ISSN (Print) - 0012-9976 | ISSN (Online) - 2349-8846


The Shadows Lengthen

The case of Greenpeace India activist Priya Pillai is a stark example of how the space for democratic dissent in India is not only shrinking alarmingly but also of the central government's parsimony with the truth. In the entire sorry episode underlining the blatant violation of human rights, the Intelligence Bureau, which seems to be a law unto itself, has played a major role.

At most times, the Government of India tends to be economical with the truth on issues concerning human rights. The latest evidence of this can be witnessed in the affidavit filed by the Ministry of Home Affairs (MHA) in response to the petition filed by Priya Parameswaran Pillai. Pillai is employed as a policy officer with the Greenpeace India Society that is registered under the Tamil Nadu Societies Registration Act.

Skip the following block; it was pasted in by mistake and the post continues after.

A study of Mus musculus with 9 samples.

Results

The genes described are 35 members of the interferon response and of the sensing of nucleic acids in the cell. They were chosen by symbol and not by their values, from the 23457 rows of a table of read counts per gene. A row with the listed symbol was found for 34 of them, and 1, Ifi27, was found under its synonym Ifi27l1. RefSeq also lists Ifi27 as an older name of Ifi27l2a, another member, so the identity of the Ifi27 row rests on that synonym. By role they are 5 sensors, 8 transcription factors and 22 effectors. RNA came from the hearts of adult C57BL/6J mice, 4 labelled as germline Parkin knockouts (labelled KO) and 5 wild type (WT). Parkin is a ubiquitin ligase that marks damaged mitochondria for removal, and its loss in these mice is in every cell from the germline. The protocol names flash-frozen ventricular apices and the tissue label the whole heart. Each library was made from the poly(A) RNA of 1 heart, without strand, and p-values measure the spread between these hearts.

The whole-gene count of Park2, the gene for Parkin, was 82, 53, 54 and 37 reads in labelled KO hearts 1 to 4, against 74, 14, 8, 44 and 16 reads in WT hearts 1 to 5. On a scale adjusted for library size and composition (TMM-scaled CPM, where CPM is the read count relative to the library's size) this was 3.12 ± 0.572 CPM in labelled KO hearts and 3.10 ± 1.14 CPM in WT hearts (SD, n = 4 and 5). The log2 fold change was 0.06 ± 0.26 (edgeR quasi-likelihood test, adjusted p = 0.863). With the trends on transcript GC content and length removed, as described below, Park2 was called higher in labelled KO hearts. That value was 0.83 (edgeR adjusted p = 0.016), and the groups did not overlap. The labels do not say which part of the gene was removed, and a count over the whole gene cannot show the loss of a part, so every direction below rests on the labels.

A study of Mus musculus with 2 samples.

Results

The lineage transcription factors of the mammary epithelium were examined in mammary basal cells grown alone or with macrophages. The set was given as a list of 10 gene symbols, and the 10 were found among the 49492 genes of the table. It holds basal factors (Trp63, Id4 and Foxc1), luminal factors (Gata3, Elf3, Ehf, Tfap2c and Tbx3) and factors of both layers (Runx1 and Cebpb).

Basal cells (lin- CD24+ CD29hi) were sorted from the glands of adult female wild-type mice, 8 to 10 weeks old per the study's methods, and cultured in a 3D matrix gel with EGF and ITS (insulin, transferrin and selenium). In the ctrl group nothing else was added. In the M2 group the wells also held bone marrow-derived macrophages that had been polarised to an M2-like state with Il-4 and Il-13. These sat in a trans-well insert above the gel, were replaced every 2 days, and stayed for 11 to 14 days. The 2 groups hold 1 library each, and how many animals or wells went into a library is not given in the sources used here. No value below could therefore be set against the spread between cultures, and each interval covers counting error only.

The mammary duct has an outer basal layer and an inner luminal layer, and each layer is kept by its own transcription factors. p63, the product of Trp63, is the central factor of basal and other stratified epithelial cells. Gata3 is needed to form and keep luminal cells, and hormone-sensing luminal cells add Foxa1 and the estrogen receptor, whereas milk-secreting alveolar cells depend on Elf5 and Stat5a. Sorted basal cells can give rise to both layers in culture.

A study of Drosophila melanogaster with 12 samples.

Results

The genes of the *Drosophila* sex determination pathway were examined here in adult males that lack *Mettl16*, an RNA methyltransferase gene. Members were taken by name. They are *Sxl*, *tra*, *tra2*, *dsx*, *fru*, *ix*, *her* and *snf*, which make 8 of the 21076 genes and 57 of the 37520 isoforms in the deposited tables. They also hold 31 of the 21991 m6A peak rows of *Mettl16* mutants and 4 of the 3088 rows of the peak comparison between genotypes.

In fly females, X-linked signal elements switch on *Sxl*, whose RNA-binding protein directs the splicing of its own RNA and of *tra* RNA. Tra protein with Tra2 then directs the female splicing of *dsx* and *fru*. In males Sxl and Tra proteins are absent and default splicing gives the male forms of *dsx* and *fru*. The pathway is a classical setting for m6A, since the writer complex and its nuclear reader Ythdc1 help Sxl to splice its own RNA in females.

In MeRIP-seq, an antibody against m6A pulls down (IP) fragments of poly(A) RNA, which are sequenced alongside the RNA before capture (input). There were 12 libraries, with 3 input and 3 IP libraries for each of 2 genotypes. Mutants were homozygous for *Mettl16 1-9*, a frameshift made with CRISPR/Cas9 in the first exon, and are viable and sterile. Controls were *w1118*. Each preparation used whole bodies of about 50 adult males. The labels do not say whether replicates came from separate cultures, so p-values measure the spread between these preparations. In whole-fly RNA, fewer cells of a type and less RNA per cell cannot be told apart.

The facts of the Priya Pillai case bear brief reiteration. On 11 January 2015, while attempting to board an Air India flight from New Delhi’s international airport, she was told that she would not be allowed to board the London-bound aircraft. Her checked-in baggage was offloaded and her passport was stamped with the word, “off load.” She was told that this was being done on the “basis of standing instructions by the Government of India.”1 Pillai subsequently learnt from media reports that the Bureau of Immigration had offloaded her due to the existence of a “look out circular” (LOC). The media forgot to mention that immigration officers at the international airports are drawn from the Intelligence Bureau (IB) and that for all practical purposes the Bureau of Immigration reports to the IB.